Has the "Kodak Moment" come and gone?

The Kodak Brownie had its heyday. So did Kodachrome, and the Instamatic camera, but the Eastman Kodak company needs to find a way to disrupt itself in the marketplace, or it will surely die.

George Eastman founded Kodak in 1880, and the company has successfully stayed at the forefront of relevant value to consumers. Wall Street rewarded their success, and it has been considered a “Blue Chip” (i.e. reliable) stock for generations. And was once seen as an all-American institution, the likes of Coca-Cola and Chevrolet.

Then came digital photography. The company failed to re-invent itself to adjust for the new realities of how consumers interact with photography, despite having invented the digital camera in 1975. The company is now on the verge of bankruptcy. The company is losing $70 million per month.

Their strategy, so far, has been to shutter or sell unprofitable products or divisions—like Kodachrome and even its digital division—the Kodak Gallery. As for future revenue, it's counting on patent licensing and winning patent lawsuits against Apple and RIM, the maker of BlackBerry phones, and trying to re-invent itself into a printer company.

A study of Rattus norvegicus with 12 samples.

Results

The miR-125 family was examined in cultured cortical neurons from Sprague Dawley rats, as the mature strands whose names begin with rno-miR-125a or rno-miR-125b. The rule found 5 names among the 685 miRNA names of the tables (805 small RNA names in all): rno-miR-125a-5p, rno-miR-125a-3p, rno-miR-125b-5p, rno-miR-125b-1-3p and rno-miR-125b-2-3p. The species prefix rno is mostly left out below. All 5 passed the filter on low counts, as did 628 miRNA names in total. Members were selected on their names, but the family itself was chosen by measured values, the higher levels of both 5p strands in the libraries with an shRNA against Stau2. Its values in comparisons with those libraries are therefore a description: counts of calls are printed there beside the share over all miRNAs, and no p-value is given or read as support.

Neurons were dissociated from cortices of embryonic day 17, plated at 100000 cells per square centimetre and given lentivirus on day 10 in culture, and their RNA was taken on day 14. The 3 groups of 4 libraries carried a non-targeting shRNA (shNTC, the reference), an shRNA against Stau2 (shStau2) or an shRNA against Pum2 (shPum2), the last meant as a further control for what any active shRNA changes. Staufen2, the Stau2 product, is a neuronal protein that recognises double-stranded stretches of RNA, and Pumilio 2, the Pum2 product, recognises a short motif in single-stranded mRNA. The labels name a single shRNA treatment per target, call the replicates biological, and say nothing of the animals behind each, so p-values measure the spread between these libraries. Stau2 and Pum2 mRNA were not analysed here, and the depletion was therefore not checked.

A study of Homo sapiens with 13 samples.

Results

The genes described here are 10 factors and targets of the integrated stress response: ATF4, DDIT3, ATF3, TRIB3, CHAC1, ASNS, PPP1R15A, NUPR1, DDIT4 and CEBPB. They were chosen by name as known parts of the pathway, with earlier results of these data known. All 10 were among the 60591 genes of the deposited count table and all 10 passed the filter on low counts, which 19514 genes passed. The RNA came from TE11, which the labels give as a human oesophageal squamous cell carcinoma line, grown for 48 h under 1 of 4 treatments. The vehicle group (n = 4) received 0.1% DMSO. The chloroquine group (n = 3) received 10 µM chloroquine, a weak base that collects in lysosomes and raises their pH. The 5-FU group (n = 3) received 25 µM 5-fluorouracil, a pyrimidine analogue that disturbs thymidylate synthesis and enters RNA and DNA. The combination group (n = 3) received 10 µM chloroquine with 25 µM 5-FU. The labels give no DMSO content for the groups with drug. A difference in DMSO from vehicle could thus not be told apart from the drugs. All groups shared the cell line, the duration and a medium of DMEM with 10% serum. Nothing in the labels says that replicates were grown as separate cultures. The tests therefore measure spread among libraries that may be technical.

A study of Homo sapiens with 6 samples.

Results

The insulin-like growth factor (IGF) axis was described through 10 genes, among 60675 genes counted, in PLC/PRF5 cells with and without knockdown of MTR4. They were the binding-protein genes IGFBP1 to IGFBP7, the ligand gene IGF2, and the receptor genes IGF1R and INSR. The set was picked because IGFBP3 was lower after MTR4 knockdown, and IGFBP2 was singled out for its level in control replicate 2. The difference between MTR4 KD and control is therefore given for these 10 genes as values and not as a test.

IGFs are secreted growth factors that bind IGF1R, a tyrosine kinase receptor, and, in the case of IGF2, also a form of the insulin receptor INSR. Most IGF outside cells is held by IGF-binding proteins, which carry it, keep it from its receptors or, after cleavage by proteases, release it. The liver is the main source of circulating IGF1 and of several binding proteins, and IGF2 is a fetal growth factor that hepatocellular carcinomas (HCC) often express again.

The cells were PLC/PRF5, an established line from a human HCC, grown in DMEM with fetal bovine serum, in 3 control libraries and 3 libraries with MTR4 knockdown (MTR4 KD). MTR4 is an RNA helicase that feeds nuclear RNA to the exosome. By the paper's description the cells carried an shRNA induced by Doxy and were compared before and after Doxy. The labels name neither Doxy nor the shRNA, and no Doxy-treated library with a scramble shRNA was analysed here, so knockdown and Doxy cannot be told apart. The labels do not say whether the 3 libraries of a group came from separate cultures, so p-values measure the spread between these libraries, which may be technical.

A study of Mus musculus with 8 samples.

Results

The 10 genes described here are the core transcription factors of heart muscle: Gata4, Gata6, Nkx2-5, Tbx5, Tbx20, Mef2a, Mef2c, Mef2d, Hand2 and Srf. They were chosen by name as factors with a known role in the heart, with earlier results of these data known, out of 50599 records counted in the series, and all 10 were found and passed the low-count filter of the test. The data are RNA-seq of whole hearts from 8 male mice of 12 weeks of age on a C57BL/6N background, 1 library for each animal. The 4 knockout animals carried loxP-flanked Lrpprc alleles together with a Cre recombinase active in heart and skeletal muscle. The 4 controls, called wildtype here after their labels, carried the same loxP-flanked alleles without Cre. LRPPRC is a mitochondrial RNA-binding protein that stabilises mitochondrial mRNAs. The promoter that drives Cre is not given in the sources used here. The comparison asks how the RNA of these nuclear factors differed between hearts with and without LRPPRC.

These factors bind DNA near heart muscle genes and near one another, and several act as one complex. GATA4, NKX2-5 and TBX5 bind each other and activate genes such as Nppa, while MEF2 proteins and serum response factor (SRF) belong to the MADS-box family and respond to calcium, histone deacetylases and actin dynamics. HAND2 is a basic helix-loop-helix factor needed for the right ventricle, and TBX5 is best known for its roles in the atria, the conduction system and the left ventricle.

Wait, that’s another dying industry isn’t it?

A HMS case study points that in 1976, Kodak had 90% of the film market and 85% of camera sales in the U.S. But Kodak was blind to the changes in the industry, and essentially refused to believe that their market would evaporate. First, competitors like Fuji Photo came in, then digital camera rivals like Sony, then the market dried up with the ubiquity of cameras in smartphones and other devices.

Kodachrome became the horse-drawn carriage in an era of

The company last saw a profitable year in 2007.

There once was a time when Kodak was such an integral part of our lives that having a "Kodak moment," was common in our lexicon—the question is will this phrase die with the generation who knew Kodak for what it was, or will it re-invent itself to be meaning and vital to the current, and next generations? Bold management, and a self-disruptive strategy seems to be their only path to survival.